Non-Volatile DIMM Cards Coming Soon to a Server and Array Near You

Viking and Micron plan to begin shipping forms of non-volatile DRAM on standard DDR4 DIMMs this summer. The cards combine DRAM with a NAND flash backup that speeds recovery and can be used as a tier of storage in a server.

By Lucas Mearian
Wed, April 03, 2013

Computerworld — ORLANDO -- Viking Technology is shipping a memory board that combines DRAM and NAND flash memory to create a non-volatile standard DIMM card that can be used in servers and storage arrays.

Viking's ArxCis-NV DIMM board has several purposes. With 10GB/s of throughput, it is roughly two and a half times faster than PCIe flash cards and can be used as another tier of high-speed storage. It can also used as a memory buffer for solid-state drives (SSDs) because of DRAM's ability to never wear out, no matter how many writes it receives. NAND flash memory in SSDs, however, has a limited life due to write amplification, a phenomenon in flash memory that requires data to be marked for deletion before it can be rewritten to another cell.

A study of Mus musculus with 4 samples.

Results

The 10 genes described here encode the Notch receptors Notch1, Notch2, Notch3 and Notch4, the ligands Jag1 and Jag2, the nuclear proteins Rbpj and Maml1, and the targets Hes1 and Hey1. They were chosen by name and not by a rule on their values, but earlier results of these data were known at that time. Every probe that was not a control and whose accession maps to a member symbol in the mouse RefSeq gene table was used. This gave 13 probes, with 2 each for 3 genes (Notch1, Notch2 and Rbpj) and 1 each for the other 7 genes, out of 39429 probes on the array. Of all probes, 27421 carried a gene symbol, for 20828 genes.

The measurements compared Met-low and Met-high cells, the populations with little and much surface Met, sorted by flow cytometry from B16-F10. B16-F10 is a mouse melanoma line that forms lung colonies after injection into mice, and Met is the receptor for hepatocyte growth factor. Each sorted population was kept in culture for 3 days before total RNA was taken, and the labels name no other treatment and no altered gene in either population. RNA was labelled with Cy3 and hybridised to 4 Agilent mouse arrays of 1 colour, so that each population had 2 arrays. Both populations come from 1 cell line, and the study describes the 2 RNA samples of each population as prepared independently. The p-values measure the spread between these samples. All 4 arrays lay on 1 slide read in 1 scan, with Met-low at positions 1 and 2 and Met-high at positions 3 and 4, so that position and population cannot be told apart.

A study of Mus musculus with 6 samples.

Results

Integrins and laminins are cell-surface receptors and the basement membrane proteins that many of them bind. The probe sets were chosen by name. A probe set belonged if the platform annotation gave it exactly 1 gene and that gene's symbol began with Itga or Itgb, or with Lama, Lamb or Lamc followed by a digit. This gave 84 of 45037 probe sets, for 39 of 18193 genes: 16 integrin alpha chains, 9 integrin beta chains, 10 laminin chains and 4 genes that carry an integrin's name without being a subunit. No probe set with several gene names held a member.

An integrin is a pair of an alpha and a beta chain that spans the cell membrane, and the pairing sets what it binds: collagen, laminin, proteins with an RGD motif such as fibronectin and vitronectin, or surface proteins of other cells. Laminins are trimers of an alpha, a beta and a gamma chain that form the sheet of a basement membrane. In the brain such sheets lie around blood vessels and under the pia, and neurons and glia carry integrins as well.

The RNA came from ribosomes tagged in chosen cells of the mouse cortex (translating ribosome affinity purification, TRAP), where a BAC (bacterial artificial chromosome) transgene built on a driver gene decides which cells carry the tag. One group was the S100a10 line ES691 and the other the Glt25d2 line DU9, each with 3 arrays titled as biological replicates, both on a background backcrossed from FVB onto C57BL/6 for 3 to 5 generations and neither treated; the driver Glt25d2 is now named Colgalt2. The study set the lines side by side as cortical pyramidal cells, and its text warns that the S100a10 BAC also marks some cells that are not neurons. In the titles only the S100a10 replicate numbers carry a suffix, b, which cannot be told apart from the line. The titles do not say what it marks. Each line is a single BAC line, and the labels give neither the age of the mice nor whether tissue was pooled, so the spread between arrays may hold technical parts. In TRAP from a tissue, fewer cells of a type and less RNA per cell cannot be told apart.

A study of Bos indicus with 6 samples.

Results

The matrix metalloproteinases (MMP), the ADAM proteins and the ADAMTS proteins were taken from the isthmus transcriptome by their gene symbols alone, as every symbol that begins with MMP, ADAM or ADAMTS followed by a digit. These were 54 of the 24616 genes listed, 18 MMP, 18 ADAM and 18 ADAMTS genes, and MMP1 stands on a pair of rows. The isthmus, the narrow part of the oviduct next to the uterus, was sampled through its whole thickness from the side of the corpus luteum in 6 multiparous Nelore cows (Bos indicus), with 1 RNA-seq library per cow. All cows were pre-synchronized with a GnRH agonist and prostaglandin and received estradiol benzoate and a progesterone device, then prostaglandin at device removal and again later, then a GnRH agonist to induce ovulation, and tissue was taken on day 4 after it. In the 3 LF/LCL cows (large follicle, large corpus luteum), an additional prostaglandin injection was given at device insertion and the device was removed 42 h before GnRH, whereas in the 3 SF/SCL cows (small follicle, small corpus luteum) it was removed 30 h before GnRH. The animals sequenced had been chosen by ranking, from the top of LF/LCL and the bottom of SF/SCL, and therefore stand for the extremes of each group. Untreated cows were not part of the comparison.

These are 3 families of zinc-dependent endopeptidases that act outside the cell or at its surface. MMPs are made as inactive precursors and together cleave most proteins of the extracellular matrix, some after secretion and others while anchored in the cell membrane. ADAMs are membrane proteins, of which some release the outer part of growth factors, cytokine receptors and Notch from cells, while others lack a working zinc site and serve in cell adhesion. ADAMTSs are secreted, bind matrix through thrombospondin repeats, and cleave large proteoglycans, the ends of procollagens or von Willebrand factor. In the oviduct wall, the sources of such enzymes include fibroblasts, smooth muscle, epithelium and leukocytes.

Adrian Proctor, Viking's vice president of marketing, said the NV DIMMs can actually extend the life of SSDs because they offload writes.

"This is all about performance," said Proctor, who was demonstrating the NVDIMM board at SNW here today. "This is not a replacement for SSDs. It's for use in conjunction with SSDs."

Two NVDIMMs from Viking Technology in a servers.

The NVDIMM can achieve up to 1.5 million 4K block I/Os per second or 10GB/s throughput, Proctor said.

Current cards are shipping to a couple of systems manufacturers with 8GB NAND flash, which is twice the amount of DRAM on the card.

Viking plans versions with 16GB later this year a 32GB version in 2014. Both will also have twice the amount of single-level cell (SLC) NAND flash than DRAM on the card. As Proctor explained, the cards don't need a lot of NAND flash capacity as they're acting as a cache for the DRAM in case of a system crash.

While today's server and array mother boards have capacitors that offer DRAM time to transfer data to flash or drives in the event of a crash, the difference in using an NV DIMM card is that applications can write directly to the DRAM with no threat of data loss and the benefit of a speedy recovery.

When a system is rebooted after a crash, it takes roughly 10 seconds per gigabyte of data to repopulate, Proctor said.

"For an 8GB NVDIMM, that's just over a minute while the rest of the system is spinning up. So it's effectively instant," he said.

An application specific integrated circuit (ASIC) on the board converts the DRAM data to the flash memory, where it can be stored or moved to SSD or disk drive storage.